The oil price has gained 50% since its 12-year low in January. Saudi Arabia and Russia have agreed to freeze oil production and therefore sent out an important signal. Furthermore, oil production has meanwhile begun to fall in the USA.
Consequently, the oversupply on the oil market should have largely vanished in the second half of the year despite higher production in Iran. We still expect a barrel of Brent to cost 50 USD again at the end of the year. The price of Brent oil has climbed by 50% since the end of January and, at 41 USD a barrel, is at its highest level for three months in mid-March.
Is the downward trend now over or could we see a repeat of last year, when the oil price also picked up sharply between February and April and then came under pressure again in the second half of the year (Chart 1)?
The trigger for the current price rally was the agreement in mid-February between Saudi Arabia and Russia to freeze oil production at its January level. Although both countries would probably not have increased their oil production significantly this year even without this agreement, it was still a clear signal that the world’s two biggest producers want to tackle the oversupply.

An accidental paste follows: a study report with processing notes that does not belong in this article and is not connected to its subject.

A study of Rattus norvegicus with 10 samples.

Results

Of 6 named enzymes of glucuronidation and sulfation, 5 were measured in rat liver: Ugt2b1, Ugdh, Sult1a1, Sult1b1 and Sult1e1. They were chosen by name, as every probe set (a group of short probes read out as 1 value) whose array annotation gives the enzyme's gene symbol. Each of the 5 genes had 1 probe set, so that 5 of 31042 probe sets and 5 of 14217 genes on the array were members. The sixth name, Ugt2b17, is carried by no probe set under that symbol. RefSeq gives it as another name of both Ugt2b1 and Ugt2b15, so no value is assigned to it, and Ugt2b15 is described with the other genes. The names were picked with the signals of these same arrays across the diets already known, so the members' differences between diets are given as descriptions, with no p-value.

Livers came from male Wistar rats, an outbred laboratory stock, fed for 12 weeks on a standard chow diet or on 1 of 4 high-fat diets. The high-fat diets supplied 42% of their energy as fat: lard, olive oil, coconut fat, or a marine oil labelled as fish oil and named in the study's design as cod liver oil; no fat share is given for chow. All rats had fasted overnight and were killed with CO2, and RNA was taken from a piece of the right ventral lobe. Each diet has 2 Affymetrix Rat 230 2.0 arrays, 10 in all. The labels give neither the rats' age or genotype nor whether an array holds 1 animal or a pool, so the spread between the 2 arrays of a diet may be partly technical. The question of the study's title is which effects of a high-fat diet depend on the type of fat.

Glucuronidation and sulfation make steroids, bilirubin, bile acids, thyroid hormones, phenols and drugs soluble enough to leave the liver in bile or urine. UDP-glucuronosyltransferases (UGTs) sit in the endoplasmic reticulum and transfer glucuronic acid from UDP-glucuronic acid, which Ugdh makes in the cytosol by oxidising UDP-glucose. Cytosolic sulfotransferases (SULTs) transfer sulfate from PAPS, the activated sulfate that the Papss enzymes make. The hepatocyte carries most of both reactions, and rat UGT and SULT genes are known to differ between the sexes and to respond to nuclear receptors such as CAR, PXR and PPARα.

A resolution on this should be passed on 17 April when 15 OPEC and non-OPEC countries meet again. Moreover, the slump in drilling activity is having more of a visible impact on US production (Chart 2). Production in the USA steadily declined between mid-January and early March and is meanwhile at its lowest in 15 months. Against this backdrop, the current oversupply and the continued rise of US crude oil stocks have not impressed the market.
The US Energy Information Administration forecasts that the daily US crude oil production will fall by 760,000 barrels, which is unlikely to be compensated by other non-OPEC producers. This is a major reason why the International Energy Agency IEA predicts a balanced oil market for the second half of the year. Unlike last year, when it also expected this but the market remained in oversupply all year and global stocks continued to rise, this forecast should materialise this year.
This is because in contrast to last year, US oil production is actually falling in the meantime and OPEC is unlikely to expand its production as sharply as it was still doing last year – also because of the likely decision to freeze production. Although Iran wants to increase its daily oil production to four million barrels, it will only be able to do so in the medium to long term.
We expect Iran’s oil production to rise at a gradual pace of 500,000 barrels a day and the market should be able to cope with this given the fact that global oil demand is still growing. Consequently, the oil price could come under pressure again in the short term as the recent price rise was also speculatively driven. This correction should be limited though. We still expect the price of Brent oil at 50 USD a barrel at the end of the year.